News Analysis

By Todd F. Braunstein

Harvard has never been a place where labor relations go smoothly.

Although the University doesn't have the same problems as Yale--whose strikes have been so bitter that they have drawn national media attention--Harvard has consistently failed to ink contracts without significant unrest. Consistently, that is, until the past two years.

These past two summers have witnessed a remarkable turnaround in the University's record in cutting deals with its biggest unions.

Last week, the dining services union, Local 26, agreed to an unprecedented five-year deal on the day before it was prepared to strike. Harvard's record with that union includes two strikes in the 1980s over the very issue that was the key sticking point in this year's negotiations.

Last summer, the Harvard Police Union signed a three-year contract a full month before the old deal was set to expire. The speed of the negotiations stood in marked contrast to the previous round, which resulted in a bitter two-year standoff before an agreement could be reached.

One week later, Harvard's largest union, the Harvard Union of Clerical and Technical Workers (HUCTW), agreed to a three-year deal just a month after the previous contract ran out. In 1992, HUCTW had worked for more than six months without a contract, and a number of bellicose demonstrations punctuated the negotiations.

Union leaders and University officials disagree about the reasons for the trend, although almost all those interviewed agree that the trend does exist.

Domenic M. Bozzotto, president of Local 26, attributes the success of his own union's negotiations to the skills of the University's new director of labor relations, Timothy R. Manning, who has been on the job for about two years.

"I've been president of the union since 1981, and I think you don't see too many new twists in negotiations," Bozzotto says. "But [Manning] brought this new dynamic to the table. I'd love to say it was me, that I was the new dyanmic. And maybe that's because he comes from a different background. Evidently he didn't have all the baggage all the previous labor relations people had at Harvard."

Bozzotto even goes so far as to credit Manning with averting a strike.

"We've had a couple of strikes at Harvard, because the labor relations people have been as confrontational as the union," Bozzotto says. "But he's been innovative when he's certainly in the position to be confrontational."

University officials also praise Manning.

"I think a large reason...is because there's someone in labor relations who's very good at this, and I think strikes a good balance between labor and management," said David A. Zewinski '76, associate dean for physical resources and planning in the Faculty of Arts and Sciences.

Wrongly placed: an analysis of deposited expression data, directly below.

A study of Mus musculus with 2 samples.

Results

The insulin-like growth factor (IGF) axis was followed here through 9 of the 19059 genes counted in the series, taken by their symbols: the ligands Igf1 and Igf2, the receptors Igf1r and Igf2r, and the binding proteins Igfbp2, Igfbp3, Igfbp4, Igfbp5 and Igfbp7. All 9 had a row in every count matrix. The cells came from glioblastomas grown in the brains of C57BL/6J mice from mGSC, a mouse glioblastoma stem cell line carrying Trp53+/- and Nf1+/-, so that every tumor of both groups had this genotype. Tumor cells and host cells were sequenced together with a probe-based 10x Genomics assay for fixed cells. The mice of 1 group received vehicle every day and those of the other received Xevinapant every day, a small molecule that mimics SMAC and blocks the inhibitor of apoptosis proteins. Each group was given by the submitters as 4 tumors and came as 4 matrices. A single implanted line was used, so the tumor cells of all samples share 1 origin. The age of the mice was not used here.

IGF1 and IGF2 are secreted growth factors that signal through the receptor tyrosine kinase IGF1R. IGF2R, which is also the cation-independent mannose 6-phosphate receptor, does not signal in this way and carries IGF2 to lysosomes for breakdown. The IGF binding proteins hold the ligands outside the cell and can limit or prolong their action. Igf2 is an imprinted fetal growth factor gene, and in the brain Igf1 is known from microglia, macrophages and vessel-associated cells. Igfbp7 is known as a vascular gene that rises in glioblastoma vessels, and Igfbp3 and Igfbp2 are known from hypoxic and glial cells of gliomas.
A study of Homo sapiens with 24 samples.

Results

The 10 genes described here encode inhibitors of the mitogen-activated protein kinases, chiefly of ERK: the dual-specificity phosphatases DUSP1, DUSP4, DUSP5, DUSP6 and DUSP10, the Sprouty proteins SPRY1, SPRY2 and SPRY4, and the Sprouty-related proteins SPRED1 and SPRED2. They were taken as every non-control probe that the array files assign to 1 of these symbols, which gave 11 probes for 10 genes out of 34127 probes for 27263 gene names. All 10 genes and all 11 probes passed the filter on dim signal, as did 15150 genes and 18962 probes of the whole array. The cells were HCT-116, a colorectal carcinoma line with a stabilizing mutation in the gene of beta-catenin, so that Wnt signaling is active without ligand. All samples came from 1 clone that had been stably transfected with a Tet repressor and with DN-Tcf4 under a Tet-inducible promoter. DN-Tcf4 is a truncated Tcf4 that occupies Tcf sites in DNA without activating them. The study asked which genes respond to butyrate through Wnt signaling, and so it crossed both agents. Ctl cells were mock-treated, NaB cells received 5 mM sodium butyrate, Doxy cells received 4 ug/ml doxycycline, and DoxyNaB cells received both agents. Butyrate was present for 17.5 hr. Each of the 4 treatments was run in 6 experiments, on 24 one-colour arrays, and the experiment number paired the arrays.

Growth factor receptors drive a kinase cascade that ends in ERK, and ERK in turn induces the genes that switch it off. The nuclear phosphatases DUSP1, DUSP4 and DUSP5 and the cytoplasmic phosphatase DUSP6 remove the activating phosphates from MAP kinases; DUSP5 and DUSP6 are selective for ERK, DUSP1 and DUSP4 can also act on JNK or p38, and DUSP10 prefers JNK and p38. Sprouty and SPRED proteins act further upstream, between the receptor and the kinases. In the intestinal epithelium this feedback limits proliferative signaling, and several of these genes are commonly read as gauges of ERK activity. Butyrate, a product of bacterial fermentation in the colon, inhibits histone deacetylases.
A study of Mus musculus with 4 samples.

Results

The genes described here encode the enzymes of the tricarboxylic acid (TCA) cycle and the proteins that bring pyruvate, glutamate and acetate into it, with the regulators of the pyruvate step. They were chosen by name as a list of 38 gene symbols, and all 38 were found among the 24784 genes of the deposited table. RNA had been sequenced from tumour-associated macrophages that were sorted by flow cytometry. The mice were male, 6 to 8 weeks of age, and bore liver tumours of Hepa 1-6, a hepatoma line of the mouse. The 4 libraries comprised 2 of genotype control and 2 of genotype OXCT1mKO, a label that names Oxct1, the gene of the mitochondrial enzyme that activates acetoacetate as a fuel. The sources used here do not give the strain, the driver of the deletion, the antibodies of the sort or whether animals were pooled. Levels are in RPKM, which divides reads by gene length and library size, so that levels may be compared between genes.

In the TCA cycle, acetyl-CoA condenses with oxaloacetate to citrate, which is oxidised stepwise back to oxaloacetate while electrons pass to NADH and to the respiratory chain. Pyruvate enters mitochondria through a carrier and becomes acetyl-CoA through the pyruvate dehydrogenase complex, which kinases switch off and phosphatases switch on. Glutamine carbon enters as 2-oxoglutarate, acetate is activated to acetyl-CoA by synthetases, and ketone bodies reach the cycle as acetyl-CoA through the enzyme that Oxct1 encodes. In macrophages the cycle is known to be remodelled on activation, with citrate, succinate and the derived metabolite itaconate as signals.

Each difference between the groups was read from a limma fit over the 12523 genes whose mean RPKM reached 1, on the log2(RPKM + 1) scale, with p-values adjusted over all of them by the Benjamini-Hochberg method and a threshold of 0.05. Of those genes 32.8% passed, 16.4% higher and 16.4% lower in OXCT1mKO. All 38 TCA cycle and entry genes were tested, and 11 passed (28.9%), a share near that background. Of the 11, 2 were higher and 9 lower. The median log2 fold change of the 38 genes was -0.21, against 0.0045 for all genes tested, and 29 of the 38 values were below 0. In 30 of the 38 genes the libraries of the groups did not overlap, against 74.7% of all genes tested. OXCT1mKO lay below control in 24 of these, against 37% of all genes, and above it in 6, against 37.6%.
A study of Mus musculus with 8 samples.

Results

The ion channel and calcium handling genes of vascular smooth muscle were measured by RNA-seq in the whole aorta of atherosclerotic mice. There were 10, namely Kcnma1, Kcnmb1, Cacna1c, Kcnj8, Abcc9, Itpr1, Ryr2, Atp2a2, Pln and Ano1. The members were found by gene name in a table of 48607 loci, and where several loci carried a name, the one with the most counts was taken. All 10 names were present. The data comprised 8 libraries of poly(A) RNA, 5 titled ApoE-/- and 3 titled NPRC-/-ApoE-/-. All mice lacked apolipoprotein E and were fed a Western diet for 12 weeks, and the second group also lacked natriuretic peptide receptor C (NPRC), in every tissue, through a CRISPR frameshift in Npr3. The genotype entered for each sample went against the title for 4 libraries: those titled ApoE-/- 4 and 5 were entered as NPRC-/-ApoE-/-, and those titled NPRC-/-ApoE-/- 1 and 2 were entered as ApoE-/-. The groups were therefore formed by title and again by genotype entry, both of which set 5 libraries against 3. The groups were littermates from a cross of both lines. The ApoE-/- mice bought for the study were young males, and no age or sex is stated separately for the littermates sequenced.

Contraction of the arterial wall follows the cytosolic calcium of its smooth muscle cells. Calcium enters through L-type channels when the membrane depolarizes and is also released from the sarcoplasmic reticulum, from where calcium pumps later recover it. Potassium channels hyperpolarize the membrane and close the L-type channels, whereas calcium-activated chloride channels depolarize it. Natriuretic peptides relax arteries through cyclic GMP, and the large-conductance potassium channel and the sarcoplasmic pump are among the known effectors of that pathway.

But HUCTW's president, Donene M. Williams, has a different explanation. Williams says that the recent collectivization of Harvard unions has proven a force for the administration to reckon with. Indeed, the University's three contract coups over the past two years have come from unions that belong to the coalition.

Williams attributes to the coalition whatever flexibility Manning has demonstrated.

"I would say that the credit for that belongs with the coalition," Williams said. "Tim is a smart enough negotiator to realize when he's dealing with a strong union, or strong unions.

"We've had a couple of strikes at Harvard, because the labor relations people have been as confrontational as the union," Bozzotto says. "But he's been innovative when he's certainly in the position to be confrontational."

University officials also praise Manning.

"I think a large reason...is because there's someone in labor relations who's very good at this, and I think strikes a good balance between labor and management," said David A. Zewinski '76, associate dean for physical resources and planning in the Faculty of Arts and Sciences.

But HUCTW's president, Donene M. Williams, has a different explanation. Williams says that the recent collectivization of Harvard unions has proven a force for the administration to reckon with. Indeed, the University's three contract coups over the past two years have come from unions that belong to the coalition.

Williams attributes to the coalition whatever flexibility Manning has demonstrated.

"I would say that the credit for that belongs with the coalition," Williams said. "Tim is a smart enough negotiator to realize when he's dealing with a strong union, or strong unions.